Being able to take 10 paid days of paternity leave has become more of a reality after the European Parliament’s Employment and Social Affairs Committee voted in favour of a number of changes towards improving work-life balance.
“The position on the work-life balance directive voted today is strong and balanced. I am confident that this forms a solid basis for entering into negotiations with the Council in September,” said MEP David Casa, Parliament’s rapporteur, following the adoption of the report on the Work-Life Balance Directive today.
The text adopted today aims at introducing: 10 days of paternity leave to be taken upon the birth of a child and paid at least to 78% of the worker’s gross wage, four months of non-transferable parental leave to be taken until the child is at least 10 years old, five days of annual carer’s leave and the right for parents to request flexible working arrangements.
“A better work-life balance for workers increases productivity, decreases the uptake of sick leave and should close the gender pay and pension gap. This legislation, which is a priority for the EPP Group, will concretely improve the lives of EU of citizens and will also be good for business”, Casa added.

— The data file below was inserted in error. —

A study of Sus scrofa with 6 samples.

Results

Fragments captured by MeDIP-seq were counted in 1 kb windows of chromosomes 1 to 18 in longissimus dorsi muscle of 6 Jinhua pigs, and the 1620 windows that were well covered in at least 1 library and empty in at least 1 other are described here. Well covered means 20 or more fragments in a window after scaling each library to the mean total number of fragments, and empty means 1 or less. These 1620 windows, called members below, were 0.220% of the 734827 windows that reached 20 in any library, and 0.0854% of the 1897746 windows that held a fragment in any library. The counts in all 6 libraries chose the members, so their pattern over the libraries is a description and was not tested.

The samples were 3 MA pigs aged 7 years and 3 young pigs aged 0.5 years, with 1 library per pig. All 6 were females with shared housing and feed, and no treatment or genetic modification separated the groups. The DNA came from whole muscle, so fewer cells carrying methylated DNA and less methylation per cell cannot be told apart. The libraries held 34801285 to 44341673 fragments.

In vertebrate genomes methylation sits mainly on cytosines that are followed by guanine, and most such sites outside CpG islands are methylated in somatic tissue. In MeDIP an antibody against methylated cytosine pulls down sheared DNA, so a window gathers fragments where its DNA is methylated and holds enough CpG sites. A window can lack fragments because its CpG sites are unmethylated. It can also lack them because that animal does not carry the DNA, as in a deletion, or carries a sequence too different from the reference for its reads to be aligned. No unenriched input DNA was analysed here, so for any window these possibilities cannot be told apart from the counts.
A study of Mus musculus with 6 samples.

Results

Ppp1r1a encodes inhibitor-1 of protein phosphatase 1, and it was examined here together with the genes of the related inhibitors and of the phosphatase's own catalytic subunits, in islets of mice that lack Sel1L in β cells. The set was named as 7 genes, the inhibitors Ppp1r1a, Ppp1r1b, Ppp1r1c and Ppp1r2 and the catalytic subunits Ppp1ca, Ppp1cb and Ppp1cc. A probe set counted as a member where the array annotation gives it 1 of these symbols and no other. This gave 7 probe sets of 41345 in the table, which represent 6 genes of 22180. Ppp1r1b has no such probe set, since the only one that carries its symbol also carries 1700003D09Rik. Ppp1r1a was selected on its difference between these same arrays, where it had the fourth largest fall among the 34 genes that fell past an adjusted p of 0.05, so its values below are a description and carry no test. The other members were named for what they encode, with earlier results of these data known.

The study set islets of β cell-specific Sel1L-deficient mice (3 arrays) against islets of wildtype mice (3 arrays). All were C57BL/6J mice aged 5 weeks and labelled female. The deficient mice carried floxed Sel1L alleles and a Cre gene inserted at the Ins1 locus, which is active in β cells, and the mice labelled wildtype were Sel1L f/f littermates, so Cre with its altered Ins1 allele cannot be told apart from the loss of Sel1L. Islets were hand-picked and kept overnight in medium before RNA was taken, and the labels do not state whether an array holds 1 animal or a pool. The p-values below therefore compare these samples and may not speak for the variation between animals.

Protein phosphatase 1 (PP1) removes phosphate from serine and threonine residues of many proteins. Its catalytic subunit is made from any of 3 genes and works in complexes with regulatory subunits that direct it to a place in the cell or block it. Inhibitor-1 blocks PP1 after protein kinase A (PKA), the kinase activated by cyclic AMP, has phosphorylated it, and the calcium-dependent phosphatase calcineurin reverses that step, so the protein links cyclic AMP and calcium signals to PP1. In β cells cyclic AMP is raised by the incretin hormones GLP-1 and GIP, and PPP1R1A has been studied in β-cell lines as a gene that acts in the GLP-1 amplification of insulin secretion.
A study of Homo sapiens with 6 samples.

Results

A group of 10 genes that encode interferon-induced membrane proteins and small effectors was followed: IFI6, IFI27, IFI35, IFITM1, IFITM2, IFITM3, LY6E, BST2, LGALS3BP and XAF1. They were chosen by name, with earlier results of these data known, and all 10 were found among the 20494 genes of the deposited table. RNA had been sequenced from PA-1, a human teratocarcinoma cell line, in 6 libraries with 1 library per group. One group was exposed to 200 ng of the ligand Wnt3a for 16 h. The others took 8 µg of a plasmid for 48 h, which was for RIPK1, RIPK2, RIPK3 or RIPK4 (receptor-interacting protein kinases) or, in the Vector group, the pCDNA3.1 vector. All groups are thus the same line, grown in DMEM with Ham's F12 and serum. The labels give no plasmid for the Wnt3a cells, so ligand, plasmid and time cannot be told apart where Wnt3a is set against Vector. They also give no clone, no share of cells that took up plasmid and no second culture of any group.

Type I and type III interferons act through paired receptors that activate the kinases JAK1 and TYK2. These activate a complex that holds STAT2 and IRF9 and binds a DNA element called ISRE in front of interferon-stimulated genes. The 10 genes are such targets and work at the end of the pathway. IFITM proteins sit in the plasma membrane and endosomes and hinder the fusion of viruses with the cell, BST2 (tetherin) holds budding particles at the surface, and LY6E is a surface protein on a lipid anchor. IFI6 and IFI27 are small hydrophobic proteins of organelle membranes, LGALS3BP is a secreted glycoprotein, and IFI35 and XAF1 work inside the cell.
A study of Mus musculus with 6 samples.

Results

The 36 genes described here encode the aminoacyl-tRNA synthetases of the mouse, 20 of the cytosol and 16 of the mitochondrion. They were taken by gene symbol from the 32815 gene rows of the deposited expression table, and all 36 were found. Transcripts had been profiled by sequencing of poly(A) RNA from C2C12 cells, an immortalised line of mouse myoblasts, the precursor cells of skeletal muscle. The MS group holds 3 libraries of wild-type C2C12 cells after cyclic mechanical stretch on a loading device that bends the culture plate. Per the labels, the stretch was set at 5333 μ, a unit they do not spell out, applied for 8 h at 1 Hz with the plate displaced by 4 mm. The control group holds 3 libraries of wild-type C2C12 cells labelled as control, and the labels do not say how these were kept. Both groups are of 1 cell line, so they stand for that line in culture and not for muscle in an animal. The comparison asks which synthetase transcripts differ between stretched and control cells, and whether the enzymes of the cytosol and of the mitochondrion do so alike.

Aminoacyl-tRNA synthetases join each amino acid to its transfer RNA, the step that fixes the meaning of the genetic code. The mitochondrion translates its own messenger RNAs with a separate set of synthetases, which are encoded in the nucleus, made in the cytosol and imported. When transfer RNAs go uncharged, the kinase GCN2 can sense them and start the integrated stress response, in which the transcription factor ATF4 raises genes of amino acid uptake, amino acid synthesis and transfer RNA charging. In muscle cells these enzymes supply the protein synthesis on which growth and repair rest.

The text also considers measures for SMEs and micro enterprises, removing administrative burdens and providing more flexibility to employers to take measures to protect the proper functioning of their business.
MEP Agnieszka Kozłowska-Rajewicz, lead negotiator in the Women’s Rights and Gender Equality Committee (FEMM) on the directive: “We will stay united before the Council and the Commission during negotiations to ensure that we give both mothers and fathers the opportunity to have equal rights to take care of their children and to pursue their professional careers.”
Following the announcement of the vote on the mandate in the plenary in September, Casa will assume the role of European Parliament lead negotiator in discussions with the Council and Commission.